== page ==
Changed my serpentine belt and tensioner yesterday

Messages
13,463
Location
ROCHESTER, NY
Vehicles are becoming harder and harder to work on and I don't care what vehicle it is. The Mfg's have made vehicles easier to assemble not easier to work on. Plus just think, each time we buy a new vehicle, many of us plan to keep them for many years into their teens. So, when it come time to replace some of the simple items, the whole vehicle has to come apart to replace the part that take only 15 minutes. I replace the high pressure P/S line in my wifes Lexus due to rust where the line enters the rack(in the wheel well where salt can attack it). Working by myself, crawling under the car and back ontop again and again. I had the whole air box and all of the plumbing removes from the engine bay just to get my hands a place to work. Finaly got the whole line disconnected and removed, took it to a radiator repair shop to have only the rotted protion of the line and high pressure hose bent and crimped properly($85) and picked it up again 4 hours later and started to install it the next day. While the P/S line was out for repair, I cleaned the throttle body, and tranny speed sensor and inspected anything that I had been curious about for some time. To make a long story short...17 hours over 3 days...Dealer or any other shop wanted $1600 to perform the whole job with parts. I could have purchace a brand new high pressure P/S line for ~$300 but, I didn't need the whole thing, only a part of it replaced.
 
Messages
527
Location
Seattle, WA
I love German cars, but agreed that simplicity in servicing is a big plus when I go looking for a new car, figuring in the costs of ownership over time, I'll sacrifice some performance for ease of maintenance. Not to mention that s more basic set up means if there is a intermittent problem it will be easier to find.
 
Messages
1,471
Location
Las Vegas
I read an interesting book by a Brit who postulated that lack of maintainability of their equipment was the reason the Germans lost WWII. Looks like the engineers who designed the Tiger II tank are still at work in the Fatherland.
 
Messages
2,789
Location
California, USA
Wow! You know, dparm, I love that engine bay, and way back when you first posted that shot of it, I swiped the image to put in my set of engine bay shots that rotate through as my desktop backgrounds. But I never considered that it would make the serpentine belt such a PITA. Shoehorning a V8 into what's essentially a compact is enough on its own, but then you add it in the fact that it's mounted in front of the axle for the AWD setup, and it's in a hole new league! Makes me appreciate the short flat 4 in my Subaru! 9 hrs for the belt and related, 60 mins for plugs! Still a beautiful car, though.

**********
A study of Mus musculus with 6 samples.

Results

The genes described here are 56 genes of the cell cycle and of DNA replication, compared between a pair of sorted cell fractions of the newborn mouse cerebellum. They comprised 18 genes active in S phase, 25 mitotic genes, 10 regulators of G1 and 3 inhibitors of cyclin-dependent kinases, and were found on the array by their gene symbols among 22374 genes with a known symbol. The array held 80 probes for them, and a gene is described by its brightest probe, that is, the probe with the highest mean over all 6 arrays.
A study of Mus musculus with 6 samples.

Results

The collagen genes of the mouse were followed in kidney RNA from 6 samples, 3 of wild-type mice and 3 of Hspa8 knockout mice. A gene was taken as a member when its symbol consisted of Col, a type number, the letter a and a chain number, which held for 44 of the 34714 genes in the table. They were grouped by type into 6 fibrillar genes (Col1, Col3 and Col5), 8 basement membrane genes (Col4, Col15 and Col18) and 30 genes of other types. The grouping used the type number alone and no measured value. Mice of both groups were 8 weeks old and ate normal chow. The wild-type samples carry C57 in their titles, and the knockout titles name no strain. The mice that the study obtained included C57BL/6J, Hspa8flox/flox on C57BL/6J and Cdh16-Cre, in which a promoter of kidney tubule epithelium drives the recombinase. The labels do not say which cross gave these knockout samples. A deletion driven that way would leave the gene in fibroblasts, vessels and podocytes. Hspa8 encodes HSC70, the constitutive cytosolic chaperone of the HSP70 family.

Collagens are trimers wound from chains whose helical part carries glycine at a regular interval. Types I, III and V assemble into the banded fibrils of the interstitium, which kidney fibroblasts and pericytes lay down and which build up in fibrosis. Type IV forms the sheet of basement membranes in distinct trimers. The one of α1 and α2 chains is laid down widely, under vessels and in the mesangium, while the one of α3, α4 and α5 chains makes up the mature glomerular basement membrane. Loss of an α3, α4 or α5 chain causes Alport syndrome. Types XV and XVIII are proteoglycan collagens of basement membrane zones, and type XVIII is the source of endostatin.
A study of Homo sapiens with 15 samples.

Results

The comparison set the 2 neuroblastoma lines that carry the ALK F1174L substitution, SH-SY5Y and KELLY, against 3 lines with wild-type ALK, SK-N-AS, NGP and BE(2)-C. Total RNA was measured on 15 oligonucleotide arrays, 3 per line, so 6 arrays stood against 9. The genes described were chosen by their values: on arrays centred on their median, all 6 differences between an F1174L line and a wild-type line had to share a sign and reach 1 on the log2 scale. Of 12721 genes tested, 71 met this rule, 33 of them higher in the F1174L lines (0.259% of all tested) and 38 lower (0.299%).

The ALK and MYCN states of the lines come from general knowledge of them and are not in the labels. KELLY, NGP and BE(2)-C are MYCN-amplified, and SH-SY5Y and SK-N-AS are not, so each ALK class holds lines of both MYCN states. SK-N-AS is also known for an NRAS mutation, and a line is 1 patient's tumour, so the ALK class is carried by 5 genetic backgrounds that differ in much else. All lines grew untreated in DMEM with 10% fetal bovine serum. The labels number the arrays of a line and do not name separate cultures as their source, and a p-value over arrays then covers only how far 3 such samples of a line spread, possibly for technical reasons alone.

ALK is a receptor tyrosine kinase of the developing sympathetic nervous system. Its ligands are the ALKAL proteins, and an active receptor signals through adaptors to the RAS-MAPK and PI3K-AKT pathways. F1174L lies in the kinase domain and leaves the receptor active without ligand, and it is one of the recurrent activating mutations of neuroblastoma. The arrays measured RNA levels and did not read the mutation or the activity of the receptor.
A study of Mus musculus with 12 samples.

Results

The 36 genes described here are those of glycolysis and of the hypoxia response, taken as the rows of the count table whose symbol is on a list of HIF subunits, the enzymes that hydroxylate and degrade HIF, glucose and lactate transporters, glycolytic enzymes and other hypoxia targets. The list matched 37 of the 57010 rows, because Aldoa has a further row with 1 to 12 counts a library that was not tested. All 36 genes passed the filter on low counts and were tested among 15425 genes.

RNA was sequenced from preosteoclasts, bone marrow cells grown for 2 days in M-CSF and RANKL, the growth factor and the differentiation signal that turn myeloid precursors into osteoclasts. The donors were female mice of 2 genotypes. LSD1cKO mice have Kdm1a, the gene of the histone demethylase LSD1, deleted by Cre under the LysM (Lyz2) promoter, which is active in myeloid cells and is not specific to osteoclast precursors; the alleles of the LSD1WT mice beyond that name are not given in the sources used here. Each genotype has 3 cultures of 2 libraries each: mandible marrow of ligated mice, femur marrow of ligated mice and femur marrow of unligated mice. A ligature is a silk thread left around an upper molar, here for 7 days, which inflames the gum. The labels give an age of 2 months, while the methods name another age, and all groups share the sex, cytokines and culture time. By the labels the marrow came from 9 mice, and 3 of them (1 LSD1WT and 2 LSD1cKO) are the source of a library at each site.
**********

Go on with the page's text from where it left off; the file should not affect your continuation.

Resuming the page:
Messages
1,724
Location
Glen Ellyn, IL
All that work at just 65K miles.... Back when I used to drive my car for work, that would be about every 18 months (and some here could rack up that much even faster). No thanks! I've had a couple cars where the serpentine belt and tensioner were ten-minute jobs. That's more like it!
 
Messages
1,122
Location
Minneapolis
I'm not sure what some of you are talking about. I've owned BMWs and Audis for the last 15 years, and I think that they're pretty straightforward to work on. They require someone to be very methodical and very patient, but as long as you understand how the "layers" of stuff interact with each other, it's actually kind of fun. You cannot work on these cars without reading, and re-reading, as much as you can about the service you're about to perform. That said, I've never really had a problem where I've "hit the wall". I've certainly had problems, but they're usually solved by relaxing and learning more about what I'm trying to do. The next time I do that job it usually takes 1/2 the time. And it happens FAR less often with German cars when I sit there with awe at something that seems REALLY stupid. Like a bolt that faces into a frame rail, or a pipe that runs right across a work area. You know, things that are obviously design afterthoughts that make servicing something much more complicated. This idea is probably lost on anyone who hasn't spent a lot of time under Teutonic hoods; it's hard to explain. But I think it's worth noting that an S4 is at the extreme of "German-ness". I would LOVE to own one, but I think it makes working on my e46 seem like working on a 64 Ford.
 
11,196
Location
NY Capital District
I wouldn't say that ALL german engineers are ludicrous. I mean, the Cruze was designed primarily by GM of Germany, at their Russelheim Studio. The 1.4L is designed by them as well. And working on my car will be a cinch, there is so much empty room around the engine!
 
Messages
246
Location
Eastern U.S.
Wow, it takes about 5 minutes on my '92 Chev pickup (tensioner has one bolt). On the other hand, it'll probably be an all day job on our PT.